What is a Microchip?
Microchips, or integrated circuits, are made up of electrical components that make it adept in current flow and task management, namely transistors, resistors, capacitors and diodes.
The microchip, also referred to as an integrated circuit, is basically an electric circuit, albeit a very advanced one. Microchips have a wide range of purposes. Found in automobiles, television sets and smartphones, the microchip performs a very key role in the operation of modern devices. The most well-known application of this circuit is the microprocessor, used to route computer information and tasks.
Circuits are made up of a series of electrical components that make it adept in current flow and task management, namely transistors, resistors, capacitors and diodes. The transistor acts like a gateway for electrical currents, with the ability to stop and start electrical currents as well as amplify them, like in the case of a stereo speaker. The resistor constrains current flow, allowing a device to control the amount of electrical current being directed for purposes like television volume. Capacitors allow the collection and release of electricity in a burst, for things like camera flashes. Diodes control the circumstances for when electricity is allowed to flow and allow currents only when such conditions are met.
Each of these elements forms an integrated circuit at the most basic level, allowing for the controlled flow of electrical currents for a variety of purposes. In essence, they become the building blocks for constructing any type of electrical device. [Related: Future Computer Chips Could Assemble Themselves]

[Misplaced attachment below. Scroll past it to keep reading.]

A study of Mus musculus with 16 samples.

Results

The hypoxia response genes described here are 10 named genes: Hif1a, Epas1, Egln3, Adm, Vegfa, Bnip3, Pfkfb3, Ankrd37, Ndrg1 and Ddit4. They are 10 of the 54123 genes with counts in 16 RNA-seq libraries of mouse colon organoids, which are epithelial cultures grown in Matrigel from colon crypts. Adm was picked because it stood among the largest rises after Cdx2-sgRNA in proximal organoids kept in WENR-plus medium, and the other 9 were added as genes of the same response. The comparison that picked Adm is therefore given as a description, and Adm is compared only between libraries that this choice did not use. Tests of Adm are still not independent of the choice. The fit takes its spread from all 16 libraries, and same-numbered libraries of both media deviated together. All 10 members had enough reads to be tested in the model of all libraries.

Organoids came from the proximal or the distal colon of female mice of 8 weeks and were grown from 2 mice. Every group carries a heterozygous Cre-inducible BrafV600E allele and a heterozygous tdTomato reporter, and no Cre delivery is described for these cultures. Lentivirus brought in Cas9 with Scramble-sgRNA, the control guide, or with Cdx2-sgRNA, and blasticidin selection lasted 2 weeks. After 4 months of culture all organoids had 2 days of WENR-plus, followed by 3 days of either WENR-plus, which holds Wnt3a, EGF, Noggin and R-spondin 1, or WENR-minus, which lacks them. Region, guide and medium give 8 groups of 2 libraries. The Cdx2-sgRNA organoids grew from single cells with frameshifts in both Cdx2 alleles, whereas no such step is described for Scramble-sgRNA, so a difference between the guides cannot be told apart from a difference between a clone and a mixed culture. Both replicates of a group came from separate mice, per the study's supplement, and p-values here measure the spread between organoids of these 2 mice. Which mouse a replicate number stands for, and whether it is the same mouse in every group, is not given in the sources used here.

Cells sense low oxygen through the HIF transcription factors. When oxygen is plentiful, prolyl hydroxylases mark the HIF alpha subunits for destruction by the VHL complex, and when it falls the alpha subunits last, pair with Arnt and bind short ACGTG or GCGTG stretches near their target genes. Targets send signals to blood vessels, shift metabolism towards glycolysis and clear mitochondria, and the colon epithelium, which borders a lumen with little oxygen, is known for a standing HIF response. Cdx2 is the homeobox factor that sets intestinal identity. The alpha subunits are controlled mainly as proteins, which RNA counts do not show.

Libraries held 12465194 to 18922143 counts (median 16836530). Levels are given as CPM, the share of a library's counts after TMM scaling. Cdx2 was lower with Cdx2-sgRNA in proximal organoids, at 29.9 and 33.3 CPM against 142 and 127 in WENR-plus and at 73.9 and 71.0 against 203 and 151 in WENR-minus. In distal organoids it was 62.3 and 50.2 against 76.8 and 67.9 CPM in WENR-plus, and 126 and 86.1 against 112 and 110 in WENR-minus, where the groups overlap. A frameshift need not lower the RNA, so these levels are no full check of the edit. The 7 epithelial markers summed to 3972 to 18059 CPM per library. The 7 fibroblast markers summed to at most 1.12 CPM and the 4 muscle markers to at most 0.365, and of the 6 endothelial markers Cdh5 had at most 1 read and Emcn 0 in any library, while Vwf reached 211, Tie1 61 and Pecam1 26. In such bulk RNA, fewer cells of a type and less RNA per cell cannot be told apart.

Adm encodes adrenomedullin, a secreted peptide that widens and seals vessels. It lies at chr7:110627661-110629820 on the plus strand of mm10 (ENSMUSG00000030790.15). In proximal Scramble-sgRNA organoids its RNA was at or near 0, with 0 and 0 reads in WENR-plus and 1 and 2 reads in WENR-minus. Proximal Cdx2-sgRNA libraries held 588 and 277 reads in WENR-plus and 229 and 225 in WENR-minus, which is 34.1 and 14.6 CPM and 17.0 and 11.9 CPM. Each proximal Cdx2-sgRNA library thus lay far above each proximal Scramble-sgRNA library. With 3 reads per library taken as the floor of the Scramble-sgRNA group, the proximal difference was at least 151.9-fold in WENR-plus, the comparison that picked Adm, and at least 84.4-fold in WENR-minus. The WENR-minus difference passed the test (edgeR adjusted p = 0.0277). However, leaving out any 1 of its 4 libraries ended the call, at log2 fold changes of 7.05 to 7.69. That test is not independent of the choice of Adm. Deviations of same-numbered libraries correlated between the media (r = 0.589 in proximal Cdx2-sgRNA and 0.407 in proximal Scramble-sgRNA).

The constraints of old technology
Prior to the invention of the transistor, all electrical devices used the vacuum tube. Fulfilling the same purpose as the transistor, vacuum tubes allowed for electrical currents to be turned on and off. However, the vacuum tube was incredibly large, required more energy and broke quite easily. Due to their tendency of generating excessive heat, like a modern light bulb, electrical engineers were desperate for something better suited to technological advancements.
Building complex circuits that aspired to the same capabilities of the modern microchip proved quite difficult due to the limitations of the vacuum tube and how well it directed the flow of currents. One such example of its limitations was evident through the first digital computer, ENIAC, a 30-ton machine containing more than 17,000 vacuum tubes.
When researchers at Bell Telephone Laboratories finally invented the transistor in 1947, the circuit was considered revolutionized. No longer burdened with the inefficiencies of vacuum tubes, integrated circuits could now become smaller and more reliable, paving the way to the modern microchip.
The inefficiencies of manually-assembled microchips
During the time when the transistor was created, electrical engineers were still faced with inefficient processes. Assembly lines were used to produce electrical circuits by hand, requiring workers to solder each component into place and connecting them via metal wires. Circuits aren’t able to function correctly when a connection is not properly made between components due to human error, and this proved very much to be a hindering factor in mass producing small circuits.
In 1958, Jack Kilby at Texas Instruments came across the solution. Rather than assembling multiple pieces together, he envisioned making all the components and chip out of the same semiconductor material and then connecting them with a layer of metal needed to connect them, thus creating a monolithic integrated circuit. This removed the need for individual components or wires, and paved the way toward a more automated process of the smaller microchips now seen today.
At about the same time, Robert Noyce, cofounder of the Fairchild Semiconductor Corporation, came across a similar discovery completely independent of Kilby’s work. Whereas Kilby used germanium for his work, Noyce came to a similar invention using silicon.
Microchips are now much smaller than their ancestors. Some of the most advanced integrated circuits contain millions of components on a surface smaller than a fingertip, demonstrating the long way we’ve come since the microchip’s initial creation.